So Thursday 29th June was when the Centre of Ecology & Hydrology finally published their pan-European field study on the impacts on bees as a result of foraging on neonicotinoid seed treated or untreated oilseed rape. Carried out in three countries – the UK, Germany and Hungary, the study was published under the title “Country-specific effects of neonicotinoid pesticides on honeybees and wild bees”. It then goes on to point out that the research showed that neonic seed treatments harmed honey bees as well as the ability of bumble bees and solitary bees to establish new colonies in the subsequent year after the treatment. Pretty damning stuff on the surface?
But looking at the paper, and the supplementary data associated with it, a very different story emerges. For the honey bee part of the project, incidentally which Bayer and Syngenta funded, of the 258 honey bee analyses reported by CEH, 238 had no effect, seven were positive and only nine were negative the remaining four could not be reported on due to the poor quality of the data.
And this is where “statistical significance” rears its head. At no point did the authors report on the 238 analyses where “no difference” between bee colonies foraging on treated or untreated oilseed rape was seen. The fact that you can find small negative differences in honey bee colonies in the UK was highlighted but the fact that the equivalent data for Germany showed the opposite, ie that bees in this part of the study did better on neonic-treated oilseed rape was glossed over.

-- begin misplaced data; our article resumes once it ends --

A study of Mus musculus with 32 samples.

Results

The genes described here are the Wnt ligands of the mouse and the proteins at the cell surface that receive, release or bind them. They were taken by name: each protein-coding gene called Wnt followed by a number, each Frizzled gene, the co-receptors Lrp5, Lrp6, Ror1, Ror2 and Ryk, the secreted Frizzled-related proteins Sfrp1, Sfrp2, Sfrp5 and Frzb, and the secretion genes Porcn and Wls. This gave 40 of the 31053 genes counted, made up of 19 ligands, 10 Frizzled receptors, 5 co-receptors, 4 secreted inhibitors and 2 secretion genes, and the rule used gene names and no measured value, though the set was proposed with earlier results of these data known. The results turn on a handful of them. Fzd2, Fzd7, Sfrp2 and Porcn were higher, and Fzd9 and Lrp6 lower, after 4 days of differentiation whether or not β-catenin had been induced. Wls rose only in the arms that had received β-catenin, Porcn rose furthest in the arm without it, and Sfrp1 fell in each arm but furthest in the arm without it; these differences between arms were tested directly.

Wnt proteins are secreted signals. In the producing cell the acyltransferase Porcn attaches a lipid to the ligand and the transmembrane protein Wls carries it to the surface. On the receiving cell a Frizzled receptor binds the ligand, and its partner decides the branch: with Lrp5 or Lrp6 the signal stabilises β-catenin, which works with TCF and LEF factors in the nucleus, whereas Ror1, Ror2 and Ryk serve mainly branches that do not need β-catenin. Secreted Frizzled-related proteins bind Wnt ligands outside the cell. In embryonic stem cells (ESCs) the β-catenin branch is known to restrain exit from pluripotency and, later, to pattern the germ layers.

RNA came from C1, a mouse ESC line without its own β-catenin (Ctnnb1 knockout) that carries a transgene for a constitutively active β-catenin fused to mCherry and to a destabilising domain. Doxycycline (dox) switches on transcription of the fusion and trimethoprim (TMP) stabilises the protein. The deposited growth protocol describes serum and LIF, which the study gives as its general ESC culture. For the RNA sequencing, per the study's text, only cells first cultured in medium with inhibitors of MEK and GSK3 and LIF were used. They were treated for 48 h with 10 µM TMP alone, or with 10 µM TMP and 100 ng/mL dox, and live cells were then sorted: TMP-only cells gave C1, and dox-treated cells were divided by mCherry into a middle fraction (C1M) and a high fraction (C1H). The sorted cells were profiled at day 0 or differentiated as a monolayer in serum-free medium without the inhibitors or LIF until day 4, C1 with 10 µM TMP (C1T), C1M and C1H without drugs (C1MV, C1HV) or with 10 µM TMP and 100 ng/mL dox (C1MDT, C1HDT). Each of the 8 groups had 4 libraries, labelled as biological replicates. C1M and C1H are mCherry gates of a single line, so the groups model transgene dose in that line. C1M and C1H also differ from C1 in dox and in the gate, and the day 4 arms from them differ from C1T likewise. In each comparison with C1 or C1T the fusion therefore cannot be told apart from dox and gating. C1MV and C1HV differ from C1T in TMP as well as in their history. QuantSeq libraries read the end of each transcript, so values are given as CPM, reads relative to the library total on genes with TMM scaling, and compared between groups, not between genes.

So the paper was entitled “Country-specific effects…” yet in the case of the wild bee studies, the authors decided to focus on aggregated data from all three countries to present their data in the scientific paper. I thought this a little strange so I looked at the data for just one of the countries – not surprisingly, I chose the UK.
Below is the data straight out of the Science paper but with the German and Hungary data removed. Remember, I have not manipulated the data in any other way. For queen production in the bumble bee studied, the data for the UK showed no correlation with neonic residues in the bees’ nest.
Queen production by Bumble Bees in the UK in response to Neonic residues in the nest
Likewise for egg production by the solitary bee, Osmia, there is no negative correlation with neonic residues in the nest.
Egg production by Solitary Bee Osmia in the UK in response to Neonic residues in the nest [Science]
I explain the wild bee data in a much clearer way in another blog article that I have put together http://cropscience.bayer.co.uk/news-and-opinion/articles/2017/06/do-the-neonics-in-the-ceh-study-actually-impact-on-queen-or-cell-production-in-bumble-bees-and-solitary-bees/.
In the end, I am left with the feeling that a scientific paper has to focus on what is statistically significant, irrespective of whether it makes sense when you look at all the data.
So do I think this paper improves our knowledge about whether neonicotinoid seed treatments are harmful to bees? Yes I do but probably not in the way it has been portrayed in this paper!